Why it is Better to Address Hearing Loss Sooner Rather than Later?

Addressing hearing loss early has its advantages. These include establishing a “baseline” to compare future tests for change, immediate enhancement of your quality of life, and helping protect against several health problems frequently linked to untreated hearing loss. The reason not to put off having a hearing test and seeking treatment is because we all actually “hear” with our brains, not with our ears. When we have hearing loss, the connections in the brain that respond to sound are likely to “reorganize” themselves. For many people, hearing aids are able to provide the sound stimulation needed for the brain to restore its connections for processing sound. As a result, the individual is able to better react to the sounds that they had been missing and cognitively process them into meaningful language.

The majority of individuals experiencing hearing loss can benefit from hearing aids. In recent years, technology has completely transformed almost everything about hearing aids. The newer hearing aids are more effective, comfortable, and easier to use. The benefits can be very rewarding. That is why the sooner that one can accept that he or she may have a hearing loss and start wearing professionally fitted hearing aids, the sooner the person will realize the benefit from improved hearing.

Just addressing hearing loss can, in itself, have a positive impact on quality of life. Many people with hearing loss who use hearing aids tend to see an improvement in their ability to hear in different environments. Many also experience an improvement in their relationships at home, at work, and in their social lives. They even feel better about themselves and life in general. Recently, research has uncovered a significant link between hearing loss and other health issues, such as cognition, dementia, depression and overall physical and mental health.

To gain a fuller appreciation of why it’s so important to treat hearing loss sooner rather than later, just consider some findings from the latest research on hearing loss and these health issues:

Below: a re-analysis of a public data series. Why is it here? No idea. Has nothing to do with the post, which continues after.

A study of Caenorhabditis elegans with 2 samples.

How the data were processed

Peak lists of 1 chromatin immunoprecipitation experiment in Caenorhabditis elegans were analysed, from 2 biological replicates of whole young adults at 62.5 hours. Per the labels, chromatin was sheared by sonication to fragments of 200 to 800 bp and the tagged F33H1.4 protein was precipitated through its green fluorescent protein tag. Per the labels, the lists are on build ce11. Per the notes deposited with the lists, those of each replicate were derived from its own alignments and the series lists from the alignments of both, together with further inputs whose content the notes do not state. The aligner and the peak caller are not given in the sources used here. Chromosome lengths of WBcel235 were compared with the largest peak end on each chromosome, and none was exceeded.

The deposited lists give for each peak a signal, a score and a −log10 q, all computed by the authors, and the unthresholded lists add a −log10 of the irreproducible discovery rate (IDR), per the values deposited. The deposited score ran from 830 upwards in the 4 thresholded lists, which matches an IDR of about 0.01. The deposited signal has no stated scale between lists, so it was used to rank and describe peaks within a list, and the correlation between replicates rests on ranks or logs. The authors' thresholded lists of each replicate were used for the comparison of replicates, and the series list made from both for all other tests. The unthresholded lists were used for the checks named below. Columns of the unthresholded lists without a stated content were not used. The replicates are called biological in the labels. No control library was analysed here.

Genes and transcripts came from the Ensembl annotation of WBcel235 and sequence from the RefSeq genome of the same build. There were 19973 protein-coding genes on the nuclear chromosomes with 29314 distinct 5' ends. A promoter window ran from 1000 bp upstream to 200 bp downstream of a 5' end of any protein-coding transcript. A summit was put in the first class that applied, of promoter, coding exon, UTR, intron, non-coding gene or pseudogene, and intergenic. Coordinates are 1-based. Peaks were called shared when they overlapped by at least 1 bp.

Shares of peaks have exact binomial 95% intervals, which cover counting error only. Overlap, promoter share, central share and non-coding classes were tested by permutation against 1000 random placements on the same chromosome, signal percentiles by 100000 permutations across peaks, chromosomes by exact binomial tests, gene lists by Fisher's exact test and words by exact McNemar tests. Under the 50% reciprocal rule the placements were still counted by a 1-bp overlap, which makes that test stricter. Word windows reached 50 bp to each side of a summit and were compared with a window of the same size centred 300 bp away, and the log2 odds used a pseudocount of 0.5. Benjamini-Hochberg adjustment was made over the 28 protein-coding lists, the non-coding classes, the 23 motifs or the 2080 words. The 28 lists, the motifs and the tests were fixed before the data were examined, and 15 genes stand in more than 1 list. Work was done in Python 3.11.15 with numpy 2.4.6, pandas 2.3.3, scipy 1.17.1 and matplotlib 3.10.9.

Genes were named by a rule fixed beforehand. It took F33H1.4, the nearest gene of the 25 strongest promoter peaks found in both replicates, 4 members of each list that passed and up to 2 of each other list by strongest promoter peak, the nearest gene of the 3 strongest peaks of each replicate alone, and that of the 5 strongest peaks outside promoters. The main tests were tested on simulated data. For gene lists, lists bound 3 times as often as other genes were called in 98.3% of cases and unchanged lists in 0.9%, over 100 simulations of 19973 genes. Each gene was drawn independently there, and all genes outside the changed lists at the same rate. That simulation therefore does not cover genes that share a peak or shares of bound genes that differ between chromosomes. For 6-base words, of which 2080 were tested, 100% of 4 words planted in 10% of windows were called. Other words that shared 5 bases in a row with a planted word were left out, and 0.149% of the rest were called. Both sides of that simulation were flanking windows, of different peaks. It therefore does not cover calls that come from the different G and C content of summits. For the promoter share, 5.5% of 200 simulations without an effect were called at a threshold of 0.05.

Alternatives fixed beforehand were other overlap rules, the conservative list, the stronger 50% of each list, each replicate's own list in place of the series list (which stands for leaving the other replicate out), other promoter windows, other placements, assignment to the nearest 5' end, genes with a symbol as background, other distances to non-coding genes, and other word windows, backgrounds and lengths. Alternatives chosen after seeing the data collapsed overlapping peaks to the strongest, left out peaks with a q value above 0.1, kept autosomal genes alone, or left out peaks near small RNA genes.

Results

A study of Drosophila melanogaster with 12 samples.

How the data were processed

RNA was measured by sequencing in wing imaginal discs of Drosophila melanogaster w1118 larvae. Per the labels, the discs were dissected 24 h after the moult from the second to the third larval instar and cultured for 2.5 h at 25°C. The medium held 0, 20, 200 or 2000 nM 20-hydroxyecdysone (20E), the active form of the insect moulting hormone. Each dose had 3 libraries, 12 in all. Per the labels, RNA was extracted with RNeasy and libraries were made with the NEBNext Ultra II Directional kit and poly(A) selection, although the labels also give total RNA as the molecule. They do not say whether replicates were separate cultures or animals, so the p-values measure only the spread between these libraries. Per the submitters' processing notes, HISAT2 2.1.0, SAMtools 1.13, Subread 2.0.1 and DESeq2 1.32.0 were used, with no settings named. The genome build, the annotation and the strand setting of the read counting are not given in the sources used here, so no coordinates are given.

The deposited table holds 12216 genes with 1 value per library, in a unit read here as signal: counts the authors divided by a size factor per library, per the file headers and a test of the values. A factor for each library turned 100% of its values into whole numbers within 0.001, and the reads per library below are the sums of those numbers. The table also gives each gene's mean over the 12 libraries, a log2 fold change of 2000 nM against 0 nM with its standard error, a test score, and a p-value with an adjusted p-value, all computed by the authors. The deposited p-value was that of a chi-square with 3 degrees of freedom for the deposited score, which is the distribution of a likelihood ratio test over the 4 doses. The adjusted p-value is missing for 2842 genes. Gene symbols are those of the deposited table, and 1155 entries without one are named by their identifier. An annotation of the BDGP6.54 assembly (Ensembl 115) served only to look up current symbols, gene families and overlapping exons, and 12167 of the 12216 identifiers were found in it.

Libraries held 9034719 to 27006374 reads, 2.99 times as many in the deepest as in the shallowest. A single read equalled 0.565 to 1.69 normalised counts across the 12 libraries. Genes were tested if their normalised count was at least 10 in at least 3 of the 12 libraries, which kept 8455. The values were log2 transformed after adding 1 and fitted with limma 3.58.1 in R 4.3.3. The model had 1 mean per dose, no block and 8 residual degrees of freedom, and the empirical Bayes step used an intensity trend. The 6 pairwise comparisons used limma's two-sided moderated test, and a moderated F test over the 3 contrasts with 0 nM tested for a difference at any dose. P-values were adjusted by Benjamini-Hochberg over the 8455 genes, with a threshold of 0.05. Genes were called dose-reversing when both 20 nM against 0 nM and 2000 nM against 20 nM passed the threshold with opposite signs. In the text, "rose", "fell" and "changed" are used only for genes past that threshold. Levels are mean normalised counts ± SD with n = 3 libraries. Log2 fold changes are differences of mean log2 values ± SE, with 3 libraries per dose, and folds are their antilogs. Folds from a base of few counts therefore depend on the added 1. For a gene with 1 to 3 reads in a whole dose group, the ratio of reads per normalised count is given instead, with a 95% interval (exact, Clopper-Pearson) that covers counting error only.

• Cognition: The inability of the brain to process certain sounds because they cannot be “heard” affects higher level cognitive functioning. Even a mild hearing loss that is untreated puts an increased workload on the brain to fill in the gaps and make sense of what was missing. The brain is working harder than before to understand what it hears.
  • Dementia: Older adults and seniors with hearing loss are significantly more likely to develop problems with thinking and memory, and are more likely to be diagnosed with dementia than those who have normal hearing at their respective age ranges.
  • Depression: There are an increasing number of studies and supporting information that shows that undiagnosed and untreated hearing loss have a high correlation with depression. Some studies indicate that individuals with hearing loss are 57 percent more likely to suffer from deep episodes of stress, bad moods and depression as compared to their counterparts with normal hearing. Other studies have also shown that working adults, ages 35 to 55 years old, with mild-to-moderate age-related hearing loss that remains untreated are more prone to depression, anxiety and increased sensitivity in their relationships with friends and loved ones.


The lesson here? Don’t put off until tomorrow what you can do today. Establish your baseline for hearing and have it checked today!